People of the Hindu faith come from all over India to either die (as they believe it releases them from the rebirth cycle to reach salvation/nirvana) or be cremated on the banks of the Ganga.  The sight of burning corpses in the open, or floating down the river, can be rather shocking. On the other hand, if you can see past these realities and observe pilgrims completing their ritual bathing at the Ganges ghats, with the yellow and oranges of the fading evening sun kissing the temple tops goodnight, then it really is one of the most surreal and impressive cultural experiences anywhere in the world.

There are plenty of guesthouses to stay in Varanasi as it is well catered for backpackers. I recommend finding close to the river that has a rooftop terrace, as this is a great way to relax and experience Varanasi especially if it affords views down the Ganges as the street life, and sights of the shoreline ghats, can be intense. Just be careful of those who might meet you at the train station and claim to be from the guesthouse that you found in a Lonely Planet or Rough Guides book, as often they have renamed another guesthouse to trick travellers into staying at a place with the same name.

On our first evening in Varanasi, Marius (my travel companion I knew from University) and I would sit and view the public cremations for an hour or so, watching as body after body was brought down and placed on the faggots to be cremated.  You can also join the popular boat rides at sunrise or sunset which will take you up and down the river to the various ghats where the cremations are taking place as well as to Dasaswamedh to watch the aarti ceremony at sunset.

Surprisingly, initially I didn’t find myself too affected by the sight of the human cremation; it seemed strangely normal.  That was until one of the doms (outcast body handlers) would push the limbs around, even flipping the burning corpse over to facilitate the cremation.  At that point the unnatural sight of watching arms, feet and chest cavities burn became apparent to me. Even though it’s a no photo area, people will approach you and say “Photo possible for money”, it seems even here nothing is sacred.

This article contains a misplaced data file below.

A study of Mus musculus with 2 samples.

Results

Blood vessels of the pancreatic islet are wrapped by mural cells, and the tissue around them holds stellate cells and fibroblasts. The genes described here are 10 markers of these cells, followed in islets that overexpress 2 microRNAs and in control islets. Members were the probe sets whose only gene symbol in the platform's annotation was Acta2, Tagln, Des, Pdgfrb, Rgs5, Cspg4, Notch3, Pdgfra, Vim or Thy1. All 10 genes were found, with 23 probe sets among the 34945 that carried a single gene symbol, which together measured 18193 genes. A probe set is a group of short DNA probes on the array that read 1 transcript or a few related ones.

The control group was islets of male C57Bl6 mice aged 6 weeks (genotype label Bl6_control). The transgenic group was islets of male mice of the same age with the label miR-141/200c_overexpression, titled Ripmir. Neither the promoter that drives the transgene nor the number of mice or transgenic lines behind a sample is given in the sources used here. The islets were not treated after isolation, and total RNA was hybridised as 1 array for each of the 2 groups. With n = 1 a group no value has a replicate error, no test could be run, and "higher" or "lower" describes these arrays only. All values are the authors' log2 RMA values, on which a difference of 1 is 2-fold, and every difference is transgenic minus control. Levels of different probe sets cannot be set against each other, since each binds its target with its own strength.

One of the simple attractions of Varanasi is just to explore the sights, smells and sounds of the narrow and twisted alleyways. You’ll need to watch out for the ever present sacred cows which wander the streets too and dodge the motorbikes which annoyingly toot their horns; rather ear piercing when in a confined alleyway.

During the summer or spring months Varanasi can get hot, so if you see a mango smoothie stand, so be sure to try one. We found a seller with smoothies for 10 rupees each (USD $0.15), and they were seriously amazing. Chewing tobacco is responsible for the vast majority of the red stained walls and spitting you’ll witness as the locals chew the red nut/tobacco combination.

As an option to break up the intensity of your time in Varanasi, about 10km to the north east of the city lies the town of Sarnath which is an important Buddhist site, here you can wander open grounds and see the Dhamekh Stupa first hand.

From Varanasi, Marius and I would continue our intrepid journey on towards Nepal, bound for Kathmandu, to prepare ourselves for a three week trek up and around the Sagarmatha National Park to the Mount Everest Base Camp in the Nepalese Himalaya.